Robin was moving away from theoretical physics and into the philosophy of physics, and there were many discussions with him and his friend Keith Roberts.
Once they had tried to set up a purely operational definition of Special Relativity, and when one of them objected that there was no such thing as a rigid body in relativity, Alan said, 'Well, let's call them squeegees'
It was that pleasant, unpompous way of being serious without being solemn that in 1948 was far from widespread in academic life, and was associated with the legacy of the Apostles and the King's milieu—though it came naturally to Alan.
There was another nice occasion when Don Bayley came for the weekend to see Alan and Robin, to be greeted with a toy steam engine that Alan had bought at Woolworths.
'I always lusted after things like this as a boy,' he said ruefully, 'but didn't have enough pocket money for them. Now I have got enough money, I might as well have it.'
They played with it for the afternoon.
Alan had told Robin that 'Sometimes you're sitting talking to someone and you know that in three quarters of an hour you will either be having a marvellous night or you will be kicked out of the room.'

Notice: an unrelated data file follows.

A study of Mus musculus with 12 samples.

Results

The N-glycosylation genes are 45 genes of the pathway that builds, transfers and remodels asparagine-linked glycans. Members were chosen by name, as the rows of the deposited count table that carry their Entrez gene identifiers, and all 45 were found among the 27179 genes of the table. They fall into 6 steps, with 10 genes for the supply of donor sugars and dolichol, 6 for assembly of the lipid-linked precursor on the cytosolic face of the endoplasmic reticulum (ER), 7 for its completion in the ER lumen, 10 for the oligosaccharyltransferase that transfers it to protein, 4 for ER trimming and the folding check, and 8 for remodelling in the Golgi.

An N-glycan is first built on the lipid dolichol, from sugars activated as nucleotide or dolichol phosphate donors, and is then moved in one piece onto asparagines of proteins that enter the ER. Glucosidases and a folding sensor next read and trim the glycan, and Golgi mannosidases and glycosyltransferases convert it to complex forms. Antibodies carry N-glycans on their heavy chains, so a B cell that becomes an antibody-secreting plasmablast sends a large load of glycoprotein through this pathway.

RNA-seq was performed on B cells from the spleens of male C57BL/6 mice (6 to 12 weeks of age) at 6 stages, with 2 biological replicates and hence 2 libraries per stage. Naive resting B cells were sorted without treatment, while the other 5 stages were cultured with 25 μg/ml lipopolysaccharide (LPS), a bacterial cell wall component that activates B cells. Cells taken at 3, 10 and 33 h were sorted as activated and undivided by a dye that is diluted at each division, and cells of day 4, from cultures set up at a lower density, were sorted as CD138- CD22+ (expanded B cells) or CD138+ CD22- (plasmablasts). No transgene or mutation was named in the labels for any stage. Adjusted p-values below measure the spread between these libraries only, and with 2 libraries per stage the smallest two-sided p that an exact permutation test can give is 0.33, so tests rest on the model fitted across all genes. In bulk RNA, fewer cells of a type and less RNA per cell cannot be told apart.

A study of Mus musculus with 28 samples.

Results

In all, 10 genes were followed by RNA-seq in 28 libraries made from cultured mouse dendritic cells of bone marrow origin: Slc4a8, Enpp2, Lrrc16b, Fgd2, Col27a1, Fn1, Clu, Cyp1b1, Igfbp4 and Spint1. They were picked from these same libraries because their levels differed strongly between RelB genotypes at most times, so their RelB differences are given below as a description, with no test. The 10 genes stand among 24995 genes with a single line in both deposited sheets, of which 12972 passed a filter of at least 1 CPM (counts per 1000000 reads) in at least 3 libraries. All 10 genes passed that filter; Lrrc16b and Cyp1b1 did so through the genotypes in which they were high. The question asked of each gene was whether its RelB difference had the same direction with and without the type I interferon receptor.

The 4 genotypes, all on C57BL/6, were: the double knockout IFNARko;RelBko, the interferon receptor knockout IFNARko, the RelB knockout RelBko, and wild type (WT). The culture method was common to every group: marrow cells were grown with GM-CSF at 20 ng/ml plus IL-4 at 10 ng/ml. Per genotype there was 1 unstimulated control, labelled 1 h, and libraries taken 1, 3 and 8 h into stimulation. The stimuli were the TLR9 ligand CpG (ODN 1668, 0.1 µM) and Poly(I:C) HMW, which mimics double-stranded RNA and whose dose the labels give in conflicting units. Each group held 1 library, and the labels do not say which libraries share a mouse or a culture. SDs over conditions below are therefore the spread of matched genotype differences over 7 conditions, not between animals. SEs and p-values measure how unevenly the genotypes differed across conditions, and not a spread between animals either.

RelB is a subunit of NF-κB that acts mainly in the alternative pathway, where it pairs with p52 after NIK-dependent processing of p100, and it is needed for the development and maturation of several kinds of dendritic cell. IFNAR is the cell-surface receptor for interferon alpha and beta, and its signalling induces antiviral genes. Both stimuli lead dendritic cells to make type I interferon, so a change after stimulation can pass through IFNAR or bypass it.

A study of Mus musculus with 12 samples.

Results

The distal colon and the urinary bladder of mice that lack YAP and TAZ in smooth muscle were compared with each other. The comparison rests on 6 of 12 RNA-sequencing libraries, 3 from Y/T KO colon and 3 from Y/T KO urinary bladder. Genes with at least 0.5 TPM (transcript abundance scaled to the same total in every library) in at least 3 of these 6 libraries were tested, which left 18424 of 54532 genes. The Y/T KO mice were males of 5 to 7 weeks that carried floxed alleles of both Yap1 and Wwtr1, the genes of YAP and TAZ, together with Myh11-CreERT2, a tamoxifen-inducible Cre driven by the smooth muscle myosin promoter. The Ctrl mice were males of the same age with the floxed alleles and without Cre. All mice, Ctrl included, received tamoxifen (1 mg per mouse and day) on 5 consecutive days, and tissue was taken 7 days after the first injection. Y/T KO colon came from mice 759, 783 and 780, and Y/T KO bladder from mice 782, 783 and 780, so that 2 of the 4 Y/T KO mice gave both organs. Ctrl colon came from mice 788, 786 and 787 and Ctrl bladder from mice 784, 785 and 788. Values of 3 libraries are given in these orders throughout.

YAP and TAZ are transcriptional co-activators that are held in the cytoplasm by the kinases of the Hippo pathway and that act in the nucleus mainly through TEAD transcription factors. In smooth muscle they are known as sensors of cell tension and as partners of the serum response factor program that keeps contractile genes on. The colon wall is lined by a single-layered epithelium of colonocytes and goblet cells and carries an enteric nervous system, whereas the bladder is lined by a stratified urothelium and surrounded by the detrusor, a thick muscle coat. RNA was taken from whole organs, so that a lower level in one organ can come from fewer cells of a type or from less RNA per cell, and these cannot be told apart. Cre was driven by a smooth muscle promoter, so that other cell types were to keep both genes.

It was not always like that, for the innocent Peter Matthews' cocoa sessions did not involve this stark dichotomy.
Nor was Alan accomplished in the necessary social game of words and eye-contact; he was too shy and brusque and lacking in confidence in his looks.
Cambridge did inspire him with greater interest in his appearance, and sometimes he would show Robin a photograph of himself at sixteen and say how handsome he looked then.
He was certainly not attractive in the Aryan-Brylcreem style of the 1940s.
To the fastidious, his open-necked, shabby, breathless immediacy came as messy and coarse, though there were redeeming features; he could put on a roguish charm which reminded people of his Irish ancestry, and besides his piercing blue eyes he had thick, luxuriant eyelashes and a soft-contoured nose.
But whatever his doubts and disadvantages he would pace round the courts of King's and invite young men in for tea.
Sometimes he struck lucky. In April 1948 he struck very lucky indeed, for Neville Johnson stayed for tea, and stayed many times.